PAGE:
The relationship between fleshy-fruited indigenous species and adventive weeds in the diet of 500 mist-netted birds was studied in forest remnants of differing size and degree of modification. Fruit abundance Peaked in March and April, and most fruit was either red/orange or purple/black. The physical parameters of adventive and indigenous fruits were not significantly different. Six of the 15 passerine species netted are frugivores, and of those netted 77% had eaten fruit.
The dispersal, germination and establishment of the New Zealand Loranthaceae (Alepis flavida, Peraxilla colensoi, P. tetrapetala, Ileostylus micranthus and Tupeia antarctica) were investigated. The most important bird dispersers were tui, bellbirds and silvereyes. These birds appear to provide reasonably good quality dispersal: fruits were swallowed whole and the seeds later defecated in germinable condition; birds tended to visit plants for only 1-2 minutes and eat a few mistletoe fruits each time.
Restoration of native forest vegetation in urban environments may be limited due to isolation from native seed sources and to the prevalence of exotic plant species. To investigate urban seed availability we recorded the composition of seed rain, soil seed banks and vegetation at native forest restoration plantings up to 36 years old in Hamilton City and compared these with naturally regenerating forest within the city and in a nearby rural native forest remnant.
There has been considerable ongoing debate about the extent to which the impacts of introduced deer on native vegetation have replaced those of moa, and since the 1980s there have been major changes in thinking about the impacts of deer and ratites on ecosystems. Although it has long been known that deer caused a predictable sequence of changes in forest understorey composition, recent work has shown that the foliage of species preferred by deer contains lower concentrations of fibre – and decomposes faster – than avoided species.
If deterministic processes consistently structure ecological communities, similar patterns in species interactions should be observed in different geographic areas that experience similar environmental conditions. I tested for convergent patterns in dietary diversity of fruit-eating birds inhabiting similar latitude forests in the Northern and Southern hemispheres. I observed birds foraging for fruits over two fruiting seasons in both Nelson Lakes National Park, South Island, New Zealand, and the Pacific Rim National Park, Vancouver Island, Canada.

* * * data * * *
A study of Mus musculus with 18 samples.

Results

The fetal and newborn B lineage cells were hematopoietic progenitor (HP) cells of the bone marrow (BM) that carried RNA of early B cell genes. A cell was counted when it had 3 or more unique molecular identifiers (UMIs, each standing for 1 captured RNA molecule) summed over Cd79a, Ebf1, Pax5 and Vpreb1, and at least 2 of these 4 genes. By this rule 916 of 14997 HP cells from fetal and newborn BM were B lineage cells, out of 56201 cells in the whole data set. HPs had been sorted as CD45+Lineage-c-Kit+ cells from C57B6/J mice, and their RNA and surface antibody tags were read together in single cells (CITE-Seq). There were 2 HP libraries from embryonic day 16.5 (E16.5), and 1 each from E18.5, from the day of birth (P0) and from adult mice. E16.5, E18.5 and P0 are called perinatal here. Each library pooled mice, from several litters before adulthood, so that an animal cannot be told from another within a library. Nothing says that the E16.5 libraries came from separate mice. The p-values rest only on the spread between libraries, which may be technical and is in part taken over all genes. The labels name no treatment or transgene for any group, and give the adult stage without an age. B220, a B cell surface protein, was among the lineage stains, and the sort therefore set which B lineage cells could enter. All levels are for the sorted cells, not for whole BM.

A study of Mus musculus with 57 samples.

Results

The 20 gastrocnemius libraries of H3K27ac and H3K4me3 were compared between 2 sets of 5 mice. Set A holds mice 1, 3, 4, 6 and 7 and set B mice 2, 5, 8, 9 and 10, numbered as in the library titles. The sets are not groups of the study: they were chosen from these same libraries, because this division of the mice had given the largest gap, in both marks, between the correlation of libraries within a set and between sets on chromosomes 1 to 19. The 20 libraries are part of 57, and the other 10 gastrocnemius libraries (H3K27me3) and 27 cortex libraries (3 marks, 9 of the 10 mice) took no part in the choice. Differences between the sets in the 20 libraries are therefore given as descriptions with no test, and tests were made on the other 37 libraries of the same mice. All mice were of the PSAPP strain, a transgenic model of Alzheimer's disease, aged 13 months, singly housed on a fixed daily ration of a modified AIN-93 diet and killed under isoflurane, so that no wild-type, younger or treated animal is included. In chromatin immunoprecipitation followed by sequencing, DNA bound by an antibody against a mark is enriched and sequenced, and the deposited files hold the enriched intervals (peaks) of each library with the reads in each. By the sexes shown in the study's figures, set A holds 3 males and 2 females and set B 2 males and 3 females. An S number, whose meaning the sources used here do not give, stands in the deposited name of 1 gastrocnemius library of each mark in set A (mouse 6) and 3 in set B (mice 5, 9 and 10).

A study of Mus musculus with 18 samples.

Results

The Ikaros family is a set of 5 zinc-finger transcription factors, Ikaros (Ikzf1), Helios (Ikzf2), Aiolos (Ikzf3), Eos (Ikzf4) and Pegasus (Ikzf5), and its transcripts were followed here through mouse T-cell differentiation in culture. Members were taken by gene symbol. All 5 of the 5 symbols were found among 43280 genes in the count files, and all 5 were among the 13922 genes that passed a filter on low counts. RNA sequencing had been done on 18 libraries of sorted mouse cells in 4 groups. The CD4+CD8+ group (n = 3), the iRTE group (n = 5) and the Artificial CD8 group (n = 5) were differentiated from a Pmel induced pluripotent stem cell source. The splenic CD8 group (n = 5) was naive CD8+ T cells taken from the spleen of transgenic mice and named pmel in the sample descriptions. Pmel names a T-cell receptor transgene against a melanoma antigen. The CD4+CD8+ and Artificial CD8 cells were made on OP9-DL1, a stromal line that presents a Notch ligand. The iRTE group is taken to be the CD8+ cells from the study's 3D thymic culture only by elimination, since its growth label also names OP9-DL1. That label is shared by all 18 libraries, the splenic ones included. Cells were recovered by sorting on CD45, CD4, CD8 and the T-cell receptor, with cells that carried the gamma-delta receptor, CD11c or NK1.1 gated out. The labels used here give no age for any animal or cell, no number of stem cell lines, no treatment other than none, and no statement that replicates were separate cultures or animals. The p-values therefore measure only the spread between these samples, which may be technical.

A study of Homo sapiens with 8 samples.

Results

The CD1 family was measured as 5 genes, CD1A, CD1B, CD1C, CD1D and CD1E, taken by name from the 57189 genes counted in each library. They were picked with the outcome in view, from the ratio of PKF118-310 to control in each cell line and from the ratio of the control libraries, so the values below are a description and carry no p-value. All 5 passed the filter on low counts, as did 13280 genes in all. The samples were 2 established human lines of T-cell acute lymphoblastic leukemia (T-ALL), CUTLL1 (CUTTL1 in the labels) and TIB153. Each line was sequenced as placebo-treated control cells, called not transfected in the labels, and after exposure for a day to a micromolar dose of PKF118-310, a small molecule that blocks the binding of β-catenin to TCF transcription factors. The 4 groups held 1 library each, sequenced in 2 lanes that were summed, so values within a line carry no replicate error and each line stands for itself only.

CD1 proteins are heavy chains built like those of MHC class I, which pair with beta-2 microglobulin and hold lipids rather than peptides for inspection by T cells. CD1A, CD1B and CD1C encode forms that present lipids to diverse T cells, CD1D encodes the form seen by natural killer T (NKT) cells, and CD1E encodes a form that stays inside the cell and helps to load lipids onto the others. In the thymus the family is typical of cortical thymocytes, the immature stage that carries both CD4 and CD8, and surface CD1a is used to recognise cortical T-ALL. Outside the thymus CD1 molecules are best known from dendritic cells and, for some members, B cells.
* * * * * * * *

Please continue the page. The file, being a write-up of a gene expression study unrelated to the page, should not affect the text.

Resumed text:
Both tree and ground wētā have been proposed as potential seed dispersers of some New Zealand fruit. We examine evidence for coevolution of ground wētā and fleshy fruits as suggested by Burns (2006). We found that although ground wētā consume fruits from Gaultheria depressa and G. antipoda, they do not do so in a way that would suggest they had coevolved as dispersers with these or other New Zealand plants (Coprosma, Muehlenbeckia, Leucopogon).
We offered ripe fruits of tawa (Beilschmiedia tawa), taraire (B. tarairi), and pūriri (Vitex lucens) to captive New Zealand pigeons (Hemiphaga novaeseelandiae) and recorded seed retention times. We also recorded seed retention times while radio-tracking wild pigeons in Taranaki and Canterbury. We report wild pigeon retention times for tawa, pūriri, miro (Prumnopitys ferruginea), fivefinger (Pseudopanax arboreus), and kahikatea (Dacrycarpus dacrydioides) seeds.